Detection of Cyanobacterial Peptide Toxins by a Non-Radioactive Protein Phosphatase Inhibition Assay

This report was produced for the Urban Water Research Association of Australia, a now discontinued research program.


Report No UWRAA 105

February 1996


Cyclicpeptide hepatotoxins produced by certain cyanobacteria (blue-green algae) are a major concern to water authorities worldwide. These toxins can cause acute orchronic health effects in humans and animals if consumed. Consequently their early detection in waters used for drinking is highly desirable so that measures to minimise or prevent exposures can be implemented, eg, introduction of an alternative water supply.

This report assesses the performance of a colorimetric enzyme-based assay to detect cyclic peptide hepatotoxins by comparing it with an established technique of high performance liquid chromatography (HPLC). The enzyme assay is based on the property of these hepatotoxins, namely microcystins produced by species of Microcystis and nodularin produced by Nodularia spumigena, to inhibit enzymes responsible for the dephosphorylation of intracellular phosphoproteins. An assay already exists for the determination of peptide hepatotoxins but it involves the use of a 32P radiolabelled phosphorylated protein substrate. The radiolabelled protein phosphatase assay has several advantages over HPLC, namely:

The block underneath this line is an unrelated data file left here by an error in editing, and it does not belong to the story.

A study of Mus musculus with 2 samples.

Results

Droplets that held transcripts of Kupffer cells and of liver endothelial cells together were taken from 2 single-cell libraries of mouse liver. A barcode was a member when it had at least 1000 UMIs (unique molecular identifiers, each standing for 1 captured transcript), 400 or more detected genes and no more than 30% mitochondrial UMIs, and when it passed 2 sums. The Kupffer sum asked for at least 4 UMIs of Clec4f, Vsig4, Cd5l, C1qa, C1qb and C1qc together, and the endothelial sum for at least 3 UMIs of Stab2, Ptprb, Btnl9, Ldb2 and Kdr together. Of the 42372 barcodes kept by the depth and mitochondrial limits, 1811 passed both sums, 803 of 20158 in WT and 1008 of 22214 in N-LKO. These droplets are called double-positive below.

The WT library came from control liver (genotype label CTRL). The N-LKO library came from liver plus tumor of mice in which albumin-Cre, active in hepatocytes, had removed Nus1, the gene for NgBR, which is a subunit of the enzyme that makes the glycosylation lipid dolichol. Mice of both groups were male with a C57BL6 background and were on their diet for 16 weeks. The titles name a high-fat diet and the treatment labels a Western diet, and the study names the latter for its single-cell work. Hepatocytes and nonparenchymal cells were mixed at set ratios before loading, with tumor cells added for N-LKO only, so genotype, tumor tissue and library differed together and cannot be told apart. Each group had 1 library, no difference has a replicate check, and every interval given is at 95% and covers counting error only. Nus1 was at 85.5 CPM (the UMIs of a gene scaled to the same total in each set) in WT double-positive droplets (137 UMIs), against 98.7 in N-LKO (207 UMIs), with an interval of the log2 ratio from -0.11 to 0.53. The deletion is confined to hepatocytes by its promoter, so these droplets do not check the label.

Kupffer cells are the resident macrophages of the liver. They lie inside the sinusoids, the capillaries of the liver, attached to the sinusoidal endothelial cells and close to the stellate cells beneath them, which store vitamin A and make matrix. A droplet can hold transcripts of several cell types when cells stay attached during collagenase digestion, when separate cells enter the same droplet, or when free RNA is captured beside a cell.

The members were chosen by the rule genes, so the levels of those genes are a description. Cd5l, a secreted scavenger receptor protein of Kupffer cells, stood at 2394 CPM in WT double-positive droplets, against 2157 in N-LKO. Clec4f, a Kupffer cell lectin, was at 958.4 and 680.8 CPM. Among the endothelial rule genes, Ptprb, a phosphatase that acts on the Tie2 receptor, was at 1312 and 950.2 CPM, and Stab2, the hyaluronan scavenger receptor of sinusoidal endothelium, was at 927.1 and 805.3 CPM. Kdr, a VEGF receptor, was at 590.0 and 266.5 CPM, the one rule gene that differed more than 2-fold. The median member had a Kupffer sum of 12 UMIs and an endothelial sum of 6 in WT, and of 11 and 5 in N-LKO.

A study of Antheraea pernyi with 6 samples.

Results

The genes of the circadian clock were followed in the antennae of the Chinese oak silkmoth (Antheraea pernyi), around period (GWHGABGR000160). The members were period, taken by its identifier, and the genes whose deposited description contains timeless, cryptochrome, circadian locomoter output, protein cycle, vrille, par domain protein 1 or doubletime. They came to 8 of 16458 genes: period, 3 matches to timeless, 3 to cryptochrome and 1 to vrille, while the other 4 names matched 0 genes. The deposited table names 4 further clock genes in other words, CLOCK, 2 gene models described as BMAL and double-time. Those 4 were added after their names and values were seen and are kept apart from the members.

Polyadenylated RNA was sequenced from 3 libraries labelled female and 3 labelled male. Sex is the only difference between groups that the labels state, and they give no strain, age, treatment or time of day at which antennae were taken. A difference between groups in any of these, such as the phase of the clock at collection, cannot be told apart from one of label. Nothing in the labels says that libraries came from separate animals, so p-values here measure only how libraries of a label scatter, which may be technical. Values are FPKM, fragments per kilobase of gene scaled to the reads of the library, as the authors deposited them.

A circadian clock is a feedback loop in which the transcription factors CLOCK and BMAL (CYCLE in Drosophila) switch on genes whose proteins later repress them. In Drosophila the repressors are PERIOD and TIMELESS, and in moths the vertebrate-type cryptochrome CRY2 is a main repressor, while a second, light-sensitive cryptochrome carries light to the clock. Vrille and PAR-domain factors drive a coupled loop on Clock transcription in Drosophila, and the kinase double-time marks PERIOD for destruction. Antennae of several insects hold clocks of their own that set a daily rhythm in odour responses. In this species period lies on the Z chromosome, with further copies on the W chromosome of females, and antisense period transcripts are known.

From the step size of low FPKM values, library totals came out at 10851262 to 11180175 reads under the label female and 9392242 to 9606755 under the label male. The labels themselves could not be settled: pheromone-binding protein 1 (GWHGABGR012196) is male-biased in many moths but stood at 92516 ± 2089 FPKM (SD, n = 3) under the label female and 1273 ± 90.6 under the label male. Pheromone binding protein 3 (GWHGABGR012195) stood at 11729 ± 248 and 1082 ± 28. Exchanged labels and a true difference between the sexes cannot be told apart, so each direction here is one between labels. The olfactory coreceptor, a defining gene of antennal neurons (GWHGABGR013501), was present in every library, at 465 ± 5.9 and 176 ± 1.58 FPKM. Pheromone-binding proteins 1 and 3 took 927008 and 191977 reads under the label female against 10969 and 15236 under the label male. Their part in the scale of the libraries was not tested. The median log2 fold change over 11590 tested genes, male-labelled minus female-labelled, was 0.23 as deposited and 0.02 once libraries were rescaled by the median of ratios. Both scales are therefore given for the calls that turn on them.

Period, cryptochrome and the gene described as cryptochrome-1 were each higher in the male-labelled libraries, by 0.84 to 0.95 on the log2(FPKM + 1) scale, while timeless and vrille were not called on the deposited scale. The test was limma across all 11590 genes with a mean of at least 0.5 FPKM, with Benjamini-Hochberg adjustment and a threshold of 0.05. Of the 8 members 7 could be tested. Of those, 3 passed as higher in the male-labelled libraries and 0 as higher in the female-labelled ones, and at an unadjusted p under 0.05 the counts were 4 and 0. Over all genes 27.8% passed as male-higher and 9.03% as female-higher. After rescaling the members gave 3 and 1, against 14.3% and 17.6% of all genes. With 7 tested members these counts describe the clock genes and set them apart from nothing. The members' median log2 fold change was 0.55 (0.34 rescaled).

• lower detection limit
  • measures all inhibitors of protein phosphatase including toxins which may not be detected by HPLC
  • few toxin standards are available for use in quantification by HPLC. The phosphatase assay overcomes this limitation by measuring total toxicity rather than individual toxin concentrations

However the radiolabelled assay has a major disadvantage in that it requires the use of a hazardous radioisotope which is relatively short-lived. Consequently a method for the determination of protein phosphatase inhibition based on the colorimetric measurement of released orthophosphate was developed. Besides the advantage of not requiring a radioactive substrate, it requires comparatively less equipment and is also potentially cheaper. In addition, because of its possible simplicity, it has the potential to be developed as a field kit.

The colorimetric based enzyme assay was tested for precision and the ability to detect toxins. Toxins were spiked into several natural waters with various characteristics, eg. high colour and high turbidity, and the recoveries determined. As large amounts of phosphorus in the sample will interfere in the analysis, the method was developed to overcome this problem. Several toxic and non-toxic samples of bloom material collected from the field were also examined by both methods as well as by mouse bioassay.

The colorimetric assay showed promise with some consistency between the results obtained with that assay and those obtained by HPLC. It had a low detection limit, 0.2nM (approximately 0.2 mg/L) for the HPLC procedure. However considerably more work needs to be done in comparing it with accepted conventional procedures (both a radiolabelled procedure and HPLC analysis), and to make it more practical.